I Have Calmed and Quieted My Soul
A Song of Ascents. Of David. Psalm 131.
O LORD, my heart is not lifted up;
my eyes are not raised too high;
I do not occupy myself with things
too great and too marvelous for me.
2 But I have calmed and quieted my soul,
like a weaned child with its mother;
like a weaned child is my soul within me.
3 O Israel, hope in the LORD
from this time forth and forevermore.
Charles Spurgeon said Psalm 131 is “the shortest to read but the longest to learn.” It certainly says more than it appears to say and addresses the tension between godly aspiration and blind ambition, and between infantile self-interest and child-like trust. It does all this in 3 short verses, and in each case, the differences are clear. But messy.
In the first case, understanding the difference between aspiration and ambition is, as the Psalm indicates, about the heart. The heart that is lifted up in pride, with eyes raised too high, is contrary to biblical humility, which sometimes requires us not to occupy ourselves with things too great and too marvelous.
Unfortunately, our western disposition is to do exactly that, to get ahead, to overcome, to seize the opportunity, often at the expense of others and always in the interests of self. We want to make it on our own, to prove ourselves, to crush it. We are anxious and fretful, over-concerned about both our chronological and biological clocks. “Driven” is one way to characterize it.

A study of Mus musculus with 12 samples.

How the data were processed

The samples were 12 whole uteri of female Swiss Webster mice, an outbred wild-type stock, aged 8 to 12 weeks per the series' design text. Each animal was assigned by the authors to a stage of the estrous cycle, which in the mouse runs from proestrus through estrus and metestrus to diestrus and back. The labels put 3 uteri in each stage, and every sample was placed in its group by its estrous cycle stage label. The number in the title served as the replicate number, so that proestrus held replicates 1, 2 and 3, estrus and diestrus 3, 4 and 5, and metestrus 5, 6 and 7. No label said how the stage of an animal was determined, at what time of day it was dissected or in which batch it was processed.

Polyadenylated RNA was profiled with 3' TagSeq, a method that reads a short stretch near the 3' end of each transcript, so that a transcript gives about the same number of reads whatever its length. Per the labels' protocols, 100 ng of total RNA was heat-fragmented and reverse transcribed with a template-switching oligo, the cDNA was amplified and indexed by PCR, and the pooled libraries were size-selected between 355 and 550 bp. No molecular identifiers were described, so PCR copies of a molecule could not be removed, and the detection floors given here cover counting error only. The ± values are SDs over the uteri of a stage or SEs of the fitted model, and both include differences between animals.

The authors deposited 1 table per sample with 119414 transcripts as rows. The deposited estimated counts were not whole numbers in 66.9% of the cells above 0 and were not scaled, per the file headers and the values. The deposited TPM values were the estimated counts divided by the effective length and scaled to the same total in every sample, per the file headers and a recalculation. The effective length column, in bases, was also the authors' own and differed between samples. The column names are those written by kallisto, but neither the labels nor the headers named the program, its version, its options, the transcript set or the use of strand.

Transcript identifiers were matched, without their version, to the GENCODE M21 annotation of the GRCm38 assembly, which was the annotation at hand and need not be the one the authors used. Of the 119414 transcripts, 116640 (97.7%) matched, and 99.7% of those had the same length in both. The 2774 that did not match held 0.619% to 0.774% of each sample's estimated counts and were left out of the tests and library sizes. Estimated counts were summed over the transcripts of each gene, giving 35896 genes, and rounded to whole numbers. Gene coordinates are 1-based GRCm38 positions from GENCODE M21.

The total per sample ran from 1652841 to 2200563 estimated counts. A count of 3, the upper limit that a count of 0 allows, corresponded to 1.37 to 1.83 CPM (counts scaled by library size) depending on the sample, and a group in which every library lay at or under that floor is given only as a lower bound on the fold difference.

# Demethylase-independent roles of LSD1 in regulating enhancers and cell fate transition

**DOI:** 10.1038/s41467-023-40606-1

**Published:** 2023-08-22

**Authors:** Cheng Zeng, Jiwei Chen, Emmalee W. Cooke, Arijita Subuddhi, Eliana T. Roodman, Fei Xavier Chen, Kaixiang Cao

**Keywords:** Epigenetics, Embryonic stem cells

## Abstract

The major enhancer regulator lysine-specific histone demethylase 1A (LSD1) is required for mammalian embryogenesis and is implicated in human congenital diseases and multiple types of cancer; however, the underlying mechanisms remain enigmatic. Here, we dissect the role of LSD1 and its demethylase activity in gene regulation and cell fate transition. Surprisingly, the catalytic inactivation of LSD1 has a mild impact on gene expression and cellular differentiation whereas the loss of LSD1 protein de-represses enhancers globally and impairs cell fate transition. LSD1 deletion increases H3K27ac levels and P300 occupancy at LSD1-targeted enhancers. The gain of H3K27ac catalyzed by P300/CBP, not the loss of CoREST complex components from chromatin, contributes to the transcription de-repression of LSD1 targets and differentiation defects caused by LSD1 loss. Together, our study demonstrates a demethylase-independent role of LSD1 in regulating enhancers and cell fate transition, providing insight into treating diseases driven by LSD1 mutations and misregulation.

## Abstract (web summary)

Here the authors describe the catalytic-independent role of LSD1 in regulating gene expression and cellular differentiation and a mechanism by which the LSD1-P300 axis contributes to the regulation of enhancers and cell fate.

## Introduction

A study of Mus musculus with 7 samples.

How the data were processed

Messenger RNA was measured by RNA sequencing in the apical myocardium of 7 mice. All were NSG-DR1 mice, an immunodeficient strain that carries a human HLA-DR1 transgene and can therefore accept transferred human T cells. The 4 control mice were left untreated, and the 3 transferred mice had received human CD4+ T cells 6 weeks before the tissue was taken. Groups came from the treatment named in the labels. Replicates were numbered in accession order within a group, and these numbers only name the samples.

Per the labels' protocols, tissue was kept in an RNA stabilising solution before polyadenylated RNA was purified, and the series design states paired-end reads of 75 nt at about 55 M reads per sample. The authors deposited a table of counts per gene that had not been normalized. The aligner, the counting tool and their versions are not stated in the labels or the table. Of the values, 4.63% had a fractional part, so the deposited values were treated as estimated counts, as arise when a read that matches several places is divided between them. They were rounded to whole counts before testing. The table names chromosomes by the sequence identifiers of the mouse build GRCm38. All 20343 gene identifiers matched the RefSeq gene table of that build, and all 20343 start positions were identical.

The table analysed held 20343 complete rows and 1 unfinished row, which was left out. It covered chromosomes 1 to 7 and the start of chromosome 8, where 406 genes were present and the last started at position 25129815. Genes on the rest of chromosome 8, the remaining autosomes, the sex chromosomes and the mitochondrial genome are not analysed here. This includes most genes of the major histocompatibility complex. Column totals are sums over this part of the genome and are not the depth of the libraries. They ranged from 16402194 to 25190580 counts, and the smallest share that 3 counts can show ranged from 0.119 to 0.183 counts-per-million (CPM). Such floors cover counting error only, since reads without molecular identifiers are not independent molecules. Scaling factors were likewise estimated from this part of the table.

Eastern cultures often appear to have a better handle on ambition, but this can be an illusion. Their view is more fatalistic, resigned; their gods more capricious, and their outlook more hopeless. What is suggested here is not that. It is the second difference, the difference between infantile self-interest and child-like trust, a difference defined by the personal, caring, eternal God of Israel who invites us to rest in him, not simply give up in disillusionment and despair. “Hope in the LORD from this time forth and forevermore (vs. 3).”
This nurturing nature of God is easy to understand if not easy to accept. It allows us to say, “I have calmed and quieted my soul (vs. 2).” How do you do this? How do you get from anxious self-interest or defeated apathy to trusting contentment? The difference is that of a weaned child versus a suckling infant, between the child who rests comfortably in his mother’s arms and the squalling, impatient and anxious one who claws at her breast.
I’ve not been a nursing mother, so I confess I don’t know how this works. But as the father of four, I do know it happens. This transformation describes what mature faith looks like: “like a weaned child is my soul within me.”
In such contented hope, godly aspiration can flourish, in the service of others and the stewardship of one’s gifts. Such service is patient and gentle because our faith reflects the knowledge of God’s providence, protection and provision, much like the of a contented weaned child who rests in his or her mother’s arms. This is the God “who gives his beloved sleep. (Psalm 127:2)”
“The eternal God is your dwelling place, and underneath are the everlasting arms,” we are told in Deuteronomy 33:27. But as Spurgeon says, it may take a long time to rest in them, even though they were always available.